There are a number of excellent universities in Europe, and in general they all do take foreign students, including Americans. Generally, European PhD programs are shorter (about 3 years) but they often require that you have a Master's degree before entering. As long as you're focused on staying in academia, it should be fine to get your PhD from abroad, although you might have a trickier time if you wanted to go into industry upon graduating.

I'm a bit biased, but you should check out the Max Planck Institutes in Germany (there are a few math-related ones, depending on your specific interests). Further, if you have an undergraduate research or academic advisor, they should be able to give you an idea of the reputable institutions abroad and your chances of admittance.

Best of luck!


I will apply to the University of Geneva (Switzerland) because the courses in their Masters program in plant biology can be taken entirely in English.  Perhaps some of the schools you're interested in offer similar programs, so you don't need to be fluent in the native language.  Check them out and good luck!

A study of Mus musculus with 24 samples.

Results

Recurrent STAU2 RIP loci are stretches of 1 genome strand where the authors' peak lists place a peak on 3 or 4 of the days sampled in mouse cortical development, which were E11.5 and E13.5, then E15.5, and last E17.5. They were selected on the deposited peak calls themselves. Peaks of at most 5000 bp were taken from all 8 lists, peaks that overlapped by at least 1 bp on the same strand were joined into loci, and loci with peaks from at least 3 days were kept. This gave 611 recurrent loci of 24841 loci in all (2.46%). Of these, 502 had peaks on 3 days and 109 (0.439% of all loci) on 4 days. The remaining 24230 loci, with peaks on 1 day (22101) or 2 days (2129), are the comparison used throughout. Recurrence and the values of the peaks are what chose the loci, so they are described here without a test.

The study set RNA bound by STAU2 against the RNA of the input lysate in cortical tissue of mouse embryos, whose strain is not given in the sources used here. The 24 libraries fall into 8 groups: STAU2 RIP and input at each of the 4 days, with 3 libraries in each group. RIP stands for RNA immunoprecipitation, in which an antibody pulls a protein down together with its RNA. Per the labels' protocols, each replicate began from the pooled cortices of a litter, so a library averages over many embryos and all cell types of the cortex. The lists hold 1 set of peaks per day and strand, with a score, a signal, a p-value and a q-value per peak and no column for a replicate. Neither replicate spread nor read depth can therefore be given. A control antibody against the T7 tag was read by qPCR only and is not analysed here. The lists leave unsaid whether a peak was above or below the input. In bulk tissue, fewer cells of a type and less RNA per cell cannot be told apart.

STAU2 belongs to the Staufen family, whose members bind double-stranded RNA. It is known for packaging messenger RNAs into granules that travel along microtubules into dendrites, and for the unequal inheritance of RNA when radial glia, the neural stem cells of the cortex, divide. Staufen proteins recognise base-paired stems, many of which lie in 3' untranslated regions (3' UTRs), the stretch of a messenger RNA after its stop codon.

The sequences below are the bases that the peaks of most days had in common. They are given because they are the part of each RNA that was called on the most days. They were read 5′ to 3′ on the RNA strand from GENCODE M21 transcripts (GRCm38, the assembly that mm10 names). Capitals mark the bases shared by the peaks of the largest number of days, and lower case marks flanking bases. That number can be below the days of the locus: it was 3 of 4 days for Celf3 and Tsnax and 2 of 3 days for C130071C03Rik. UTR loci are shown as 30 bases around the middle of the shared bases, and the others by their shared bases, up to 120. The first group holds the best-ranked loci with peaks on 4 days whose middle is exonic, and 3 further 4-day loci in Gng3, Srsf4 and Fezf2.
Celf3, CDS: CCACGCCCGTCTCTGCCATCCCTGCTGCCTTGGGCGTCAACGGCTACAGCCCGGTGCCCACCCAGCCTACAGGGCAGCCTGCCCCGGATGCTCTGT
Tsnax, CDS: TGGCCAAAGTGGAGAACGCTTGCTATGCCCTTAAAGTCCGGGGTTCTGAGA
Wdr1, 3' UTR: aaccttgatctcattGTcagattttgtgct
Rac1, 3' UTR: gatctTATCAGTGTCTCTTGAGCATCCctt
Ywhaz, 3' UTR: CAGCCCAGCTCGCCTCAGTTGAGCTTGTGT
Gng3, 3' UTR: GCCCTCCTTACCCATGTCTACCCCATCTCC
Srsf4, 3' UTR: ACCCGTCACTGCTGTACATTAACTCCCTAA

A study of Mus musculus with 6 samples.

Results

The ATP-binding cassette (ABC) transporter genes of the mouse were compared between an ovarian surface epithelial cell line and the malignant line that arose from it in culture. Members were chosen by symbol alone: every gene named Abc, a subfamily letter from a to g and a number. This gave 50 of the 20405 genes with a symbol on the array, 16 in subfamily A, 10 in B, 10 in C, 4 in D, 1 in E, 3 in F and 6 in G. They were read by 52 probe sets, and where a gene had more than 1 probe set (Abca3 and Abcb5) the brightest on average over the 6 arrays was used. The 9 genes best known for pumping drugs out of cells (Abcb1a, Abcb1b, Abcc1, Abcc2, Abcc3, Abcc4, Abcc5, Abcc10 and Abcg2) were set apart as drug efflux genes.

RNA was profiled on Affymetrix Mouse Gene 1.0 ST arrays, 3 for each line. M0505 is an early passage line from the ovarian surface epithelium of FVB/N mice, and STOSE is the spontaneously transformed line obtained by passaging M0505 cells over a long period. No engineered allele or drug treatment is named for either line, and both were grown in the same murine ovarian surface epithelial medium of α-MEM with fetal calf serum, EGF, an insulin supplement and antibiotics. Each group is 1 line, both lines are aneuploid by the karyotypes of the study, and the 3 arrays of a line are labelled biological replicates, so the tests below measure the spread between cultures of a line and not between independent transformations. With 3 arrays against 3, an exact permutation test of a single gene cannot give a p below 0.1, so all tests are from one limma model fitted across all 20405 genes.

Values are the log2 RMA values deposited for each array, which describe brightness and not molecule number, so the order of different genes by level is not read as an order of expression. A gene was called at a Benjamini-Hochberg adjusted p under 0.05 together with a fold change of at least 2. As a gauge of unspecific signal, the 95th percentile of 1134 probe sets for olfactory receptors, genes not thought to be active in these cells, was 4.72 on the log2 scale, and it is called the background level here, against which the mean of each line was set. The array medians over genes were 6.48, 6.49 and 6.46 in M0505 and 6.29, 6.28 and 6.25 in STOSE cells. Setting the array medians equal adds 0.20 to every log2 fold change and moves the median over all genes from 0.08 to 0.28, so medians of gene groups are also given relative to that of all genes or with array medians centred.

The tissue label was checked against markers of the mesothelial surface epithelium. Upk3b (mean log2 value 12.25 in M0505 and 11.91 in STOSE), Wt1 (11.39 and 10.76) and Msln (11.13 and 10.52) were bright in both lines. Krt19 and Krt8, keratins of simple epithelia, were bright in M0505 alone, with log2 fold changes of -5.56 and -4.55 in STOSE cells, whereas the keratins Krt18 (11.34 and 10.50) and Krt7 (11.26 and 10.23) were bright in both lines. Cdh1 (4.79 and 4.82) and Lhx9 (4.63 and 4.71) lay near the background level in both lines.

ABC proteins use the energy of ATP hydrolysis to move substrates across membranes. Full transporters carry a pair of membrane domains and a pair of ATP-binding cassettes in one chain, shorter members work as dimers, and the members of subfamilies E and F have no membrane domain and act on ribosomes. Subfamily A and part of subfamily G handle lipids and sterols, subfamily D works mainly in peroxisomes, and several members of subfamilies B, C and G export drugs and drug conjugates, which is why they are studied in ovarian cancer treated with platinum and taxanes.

This is a PhD offer for Applied Mathematics. Students can get a PhD in computer science, physics or applied mathematics.



Some years ago Times Higher Education Supplement rankings of non-university research institutions (based on international peer review by academics) placed the Max Planck Society as No.1 in the world for science research, and No.3 in technology research (behind AT&T corporationand the Argone Natioal Laboratory in the United States). 


Meanwhile it has become more stronger than weaker, so it's probably choosy and picky but not finicking.